The people factor – why engagement is critical during the coronavirus crisis
At a time of crisis, nothing is more important than your people, and as a business owner there are a lot of very complex and serious issues at play.
This is an unparalleled situation and people will understandably be both anxious and uncertain. As a management team it’s vital that you offer your team confident leadership and clear direction in the face of adversity.
Keeping your people safe, motivated and enabled to do their jobs will be a major challenge for HR teams and the wider organisation. They will need to feel re-assured and secure, as well as understanding their positions. These are complex and emotive issues that can’t be taken lightly or without due diligence.
Engaging staff is crucial for keeping people motivated and re-assured of their roles. It’s essential for the well-being of both your staff and the business as a whole.
Resourcing is changing. New customer and client demands mean additional capacity may be urgently needed in some areas, while under-used in others.
Succession planning for critical roles might be required at short notice, and the skills that are needed in key business areas might have changed.
Supporting staff will be a challenge for HR. Your employees will be anxious to understand their rights, obligations and benefit entitlements, as well as trying to adapt their working arrangements to new demands
Relocating staff across international borders will be more common, whether as part of business continuity strategies or for personal reasons. This presents a range of unexpected logistical and tax issues to address. Employees currently on international secondments may wish to return to their home countries or need additional support.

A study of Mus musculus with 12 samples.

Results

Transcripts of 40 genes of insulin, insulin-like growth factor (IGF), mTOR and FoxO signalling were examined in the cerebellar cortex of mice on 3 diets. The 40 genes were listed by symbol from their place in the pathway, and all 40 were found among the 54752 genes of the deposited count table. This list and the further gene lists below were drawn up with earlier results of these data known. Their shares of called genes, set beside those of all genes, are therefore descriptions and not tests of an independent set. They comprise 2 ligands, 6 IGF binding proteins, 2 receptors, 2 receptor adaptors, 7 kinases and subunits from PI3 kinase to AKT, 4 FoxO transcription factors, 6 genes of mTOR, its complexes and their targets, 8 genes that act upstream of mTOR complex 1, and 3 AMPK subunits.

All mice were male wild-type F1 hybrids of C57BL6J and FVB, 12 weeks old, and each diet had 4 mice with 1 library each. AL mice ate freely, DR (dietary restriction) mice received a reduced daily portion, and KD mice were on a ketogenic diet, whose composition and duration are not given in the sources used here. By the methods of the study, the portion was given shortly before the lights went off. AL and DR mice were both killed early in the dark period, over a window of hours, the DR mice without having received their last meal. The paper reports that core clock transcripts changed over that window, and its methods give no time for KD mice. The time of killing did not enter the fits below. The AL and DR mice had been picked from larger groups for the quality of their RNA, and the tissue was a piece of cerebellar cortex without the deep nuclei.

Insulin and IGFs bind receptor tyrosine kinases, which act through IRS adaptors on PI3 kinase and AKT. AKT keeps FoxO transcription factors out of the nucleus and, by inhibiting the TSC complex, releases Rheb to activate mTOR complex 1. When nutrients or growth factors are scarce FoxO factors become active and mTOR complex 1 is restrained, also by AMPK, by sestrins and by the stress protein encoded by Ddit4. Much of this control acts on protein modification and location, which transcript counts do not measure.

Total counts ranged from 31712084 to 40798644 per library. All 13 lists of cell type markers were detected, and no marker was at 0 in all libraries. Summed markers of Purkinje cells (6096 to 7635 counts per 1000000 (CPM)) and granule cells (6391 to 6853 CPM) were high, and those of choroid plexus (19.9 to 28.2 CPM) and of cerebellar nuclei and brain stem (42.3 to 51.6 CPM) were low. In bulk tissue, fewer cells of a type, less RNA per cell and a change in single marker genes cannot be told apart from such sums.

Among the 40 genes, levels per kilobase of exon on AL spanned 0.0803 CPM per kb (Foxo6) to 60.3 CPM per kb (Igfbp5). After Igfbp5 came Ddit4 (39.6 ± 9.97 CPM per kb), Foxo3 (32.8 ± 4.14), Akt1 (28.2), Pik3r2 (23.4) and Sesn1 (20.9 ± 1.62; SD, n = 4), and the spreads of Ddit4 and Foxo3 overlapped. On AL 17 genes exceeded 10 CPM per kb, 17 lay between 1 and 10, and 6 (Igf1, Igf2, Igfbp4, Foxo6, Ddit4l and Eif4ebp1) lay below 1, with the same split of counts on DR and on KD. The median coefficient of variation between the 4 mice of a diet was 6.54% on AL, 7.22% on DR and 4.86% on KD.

Actions to consider
Constantly reviewing the immediate impacts of the situation is essential. Information you find that’s relevant to your business needs to be communicated and used to update your employee value proposition; capacity and capabilities; scenario planning; and immediate strategic requirements.
Communication with your teams is vital. Help them understand what will change, share your approach and be clear about where they can go for support. Make sure you’re listening and adapting to feedback effectively.
Create engagement plans and support functions to manage change and minimise uncertainty. Protect both your people and your business through training and succession planning, and explore all the options around reduction, retention and flexibility of your workforce, while delivering against changing market conditions.
Better times are ahead!
When this unprecedented situation is over, you will have a wealth of experience in dealing with crisis situations and continuity planning. Be sure to document the steps you’ve taken and what you’ve discovered. Incorporate what you’ve learned from increased remote working and other solutions into your new standard operating procedures.
Questions to consider
What is your plan to support your people?
Is your team engaged and resourced in the right areas to deliver on your top business priorities?
How will a reduction in revenue impact the affordability of your workforce?
Are your health and hygiene policies and processes clear and relevant?
Could additional training increase agility and resilience across your organisation?
If you require strategic advice and support during this challenging and unprecedented time, please don’t hesitate to contact our team here.